NY Post: Let 'em fight

May 28, 2011

It's time for New York to join the vast majority of other states and legalize ul timate fighting -- a k a mixed-martial arts, or MMA.

The state Senate this week voted to do just that, giving a boost to a multidisciplinary sport that incorporates elements of boxing, wrestling, karate, judo, kick-boxing, etc.

Yes, the bouts are tough: Sen. John McCain once derided it as "human cockfighting."

However, similar objections were made about boxing's early days. In recent years, as more states have approved of the sport, more safety precautions have been introduced.

New York outlawed ultimate fighting in 1997 -- a time when nearly 40 states had similar bans.

But the sport has exploded in popularity since then. Fully 45 states now permit -- and regulate -- MMA, as the sport grosses more than $400 million a year.

That means New York is cutting itself off from a very profitable industry.

Legalization could bring in as much as $11 million per event for the Big Apple and $5 million to the economically distressed upstate region.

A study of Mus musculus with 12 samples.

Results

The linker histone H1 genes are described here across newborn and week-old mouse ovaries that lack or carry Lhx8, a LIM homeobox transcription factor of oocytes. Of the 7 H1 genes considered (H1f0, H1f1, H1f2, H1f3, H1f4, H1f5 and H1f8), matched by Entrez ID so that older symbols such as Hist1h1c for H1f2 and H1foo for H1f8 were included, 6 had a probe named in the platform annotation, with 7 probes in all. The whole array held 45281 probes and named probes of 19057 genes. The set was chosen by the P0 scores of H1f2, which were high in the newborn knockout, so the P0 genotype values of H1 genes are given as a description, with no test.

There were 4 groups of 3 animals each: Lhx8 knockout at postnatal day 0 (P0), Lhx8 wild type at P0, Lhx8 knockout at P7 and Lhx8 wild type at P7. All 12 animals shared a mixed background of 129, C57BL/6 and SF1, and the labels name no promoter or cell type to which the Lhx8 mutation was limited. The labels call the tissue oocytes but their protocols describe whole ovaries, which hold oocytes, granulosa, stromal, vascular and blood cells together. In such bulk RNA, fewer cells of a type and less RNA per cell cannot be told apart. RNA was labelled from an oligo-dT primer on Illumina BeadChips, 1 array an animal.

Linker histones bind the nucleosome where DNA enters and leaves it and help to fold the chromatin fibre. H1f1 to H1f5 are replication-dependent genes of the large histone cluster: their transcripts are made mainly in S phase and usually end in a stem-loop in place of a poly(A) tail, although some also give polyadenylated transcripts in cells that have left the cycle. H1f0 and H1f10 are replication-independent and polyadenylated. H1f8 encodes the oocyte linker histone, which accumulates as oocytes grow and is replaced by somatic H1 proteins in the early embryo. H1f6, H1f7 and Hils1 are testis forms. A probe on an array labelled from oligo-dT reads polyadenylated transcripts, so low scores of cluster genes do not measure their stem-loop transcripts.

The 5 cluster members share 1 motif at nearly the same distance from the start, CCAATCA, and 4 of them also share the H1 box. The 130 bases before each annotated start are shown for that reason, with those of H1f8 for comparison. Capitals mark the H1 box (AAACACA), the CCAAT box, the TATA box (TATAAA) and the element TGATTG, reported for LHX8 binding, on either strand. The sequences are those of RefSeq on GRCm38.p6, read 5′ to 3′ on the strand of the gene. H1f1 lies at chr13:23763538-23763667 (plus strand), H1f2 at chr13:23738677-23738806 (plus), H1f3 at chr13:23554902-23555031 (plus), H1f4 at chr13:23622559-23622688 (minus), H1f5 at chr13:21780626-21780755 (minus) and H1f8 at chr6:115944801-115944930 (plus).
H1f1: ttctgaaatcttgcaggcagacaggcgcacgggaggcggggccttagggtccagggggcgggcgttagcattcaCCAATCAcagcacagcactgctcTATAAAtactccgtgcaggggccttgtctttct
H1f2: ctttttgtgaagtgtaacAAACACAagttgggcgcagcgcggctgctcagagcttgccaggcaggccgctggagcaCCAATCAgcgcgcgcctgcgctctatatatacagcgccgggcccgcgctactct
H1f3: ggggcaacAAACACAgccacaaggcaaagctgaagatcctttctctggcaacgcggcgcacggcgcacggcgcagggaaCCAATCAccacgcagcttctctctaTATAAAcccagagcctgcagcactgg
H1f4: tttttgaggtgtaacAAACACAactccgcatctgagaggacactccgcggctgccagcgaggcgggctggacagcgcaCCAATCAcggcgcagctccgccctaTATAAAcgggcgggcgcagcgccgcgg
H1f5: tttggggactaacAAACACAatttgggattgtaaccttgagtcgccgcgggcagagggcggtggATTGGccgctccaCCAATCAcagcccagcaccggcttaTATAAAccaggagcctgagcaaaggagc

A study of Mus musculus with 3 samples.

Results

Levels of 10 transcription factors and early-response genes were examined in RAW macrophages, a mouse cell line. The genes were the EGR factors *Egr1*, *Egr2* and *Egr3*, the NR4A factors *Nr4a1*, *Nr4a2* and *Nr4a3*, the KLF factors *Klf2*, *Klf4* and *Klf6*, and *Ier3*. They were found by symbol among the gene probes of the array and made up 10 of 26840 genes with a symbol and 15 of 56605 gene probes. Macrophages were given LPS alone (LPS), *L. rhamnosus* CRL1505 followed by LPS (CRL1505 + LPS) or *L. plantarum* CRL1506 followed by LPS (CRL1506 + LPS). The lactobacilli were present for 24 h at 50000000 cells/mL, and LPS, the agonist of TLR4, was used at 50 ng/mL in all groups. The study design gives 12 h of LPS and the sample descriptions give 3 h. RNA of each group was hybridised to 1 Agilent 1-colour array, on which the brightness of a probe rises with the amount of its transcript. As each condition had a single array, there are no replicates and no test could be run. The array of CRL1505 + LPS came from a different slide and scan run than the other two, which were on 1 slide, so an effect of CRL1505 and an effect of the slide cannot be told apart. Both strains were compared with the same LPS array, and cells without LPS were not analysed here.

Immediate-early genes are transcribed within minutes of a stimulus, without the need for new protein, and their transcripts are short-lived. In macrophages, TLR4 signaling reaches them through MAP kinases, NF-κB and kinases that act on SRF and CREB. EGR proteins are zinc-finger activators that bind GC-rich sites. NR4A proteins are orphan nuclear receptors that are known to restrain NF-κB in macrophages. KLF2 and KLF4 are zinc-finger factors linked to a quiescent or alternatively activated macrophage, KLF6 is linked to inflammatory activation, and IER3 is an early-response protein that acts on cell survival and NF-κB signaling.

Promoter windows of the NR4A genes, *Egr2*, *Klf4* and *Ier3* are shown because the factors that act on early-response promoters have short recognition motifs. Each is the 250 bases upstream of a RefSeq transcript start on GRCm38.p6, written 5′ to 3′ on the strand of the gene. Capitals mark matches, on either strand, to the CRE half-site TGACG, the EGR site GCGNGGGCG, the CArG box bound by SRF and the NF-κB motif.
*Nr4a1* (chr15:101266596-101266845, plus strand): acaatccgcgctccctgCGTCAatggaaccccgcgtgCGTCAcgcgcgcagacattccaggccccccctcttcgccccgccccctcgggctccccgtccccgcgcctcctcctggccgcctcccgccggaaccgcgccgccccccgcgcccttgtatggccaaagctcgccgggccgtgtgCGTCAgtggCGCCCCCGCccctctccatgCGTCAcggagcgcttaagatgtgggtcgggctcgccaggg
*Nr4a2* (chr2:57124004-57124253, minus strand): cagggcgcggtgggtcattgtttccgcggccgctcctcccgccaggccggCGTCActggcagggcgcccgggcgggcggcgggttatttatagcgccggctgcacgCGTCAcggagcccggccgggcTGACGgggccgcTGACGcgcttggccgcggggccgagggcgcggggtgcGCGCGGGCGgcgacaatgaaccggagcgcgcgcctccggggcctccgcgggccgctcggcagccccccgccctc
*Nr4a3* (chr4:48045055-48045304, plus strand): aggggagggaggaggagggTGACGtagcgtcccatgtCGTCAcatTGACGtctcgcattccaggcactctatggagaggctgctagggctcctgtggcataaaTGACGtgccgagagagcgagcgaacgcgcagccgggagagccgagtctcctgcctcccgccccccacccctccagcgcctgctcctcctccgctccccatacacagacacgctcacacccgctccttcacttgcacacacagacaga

Ironically, even though state law prohibits MMA bouts at historic Madison Square Garden, the sport registers high ratings on the venue's cable subsidiary MSG (as well as on other networks, such as ESPN, Spike and Versus).

Albany needs to get off the fence.

In particular, the Assembly should follow the Senate's lead -- and overturn the ban forthwith.

New York needs to be more creative in attracting new industries -- and the added jobs and tax revenue that comes with them.

Legalizing ultimate fighting looks like a no-lose proposition.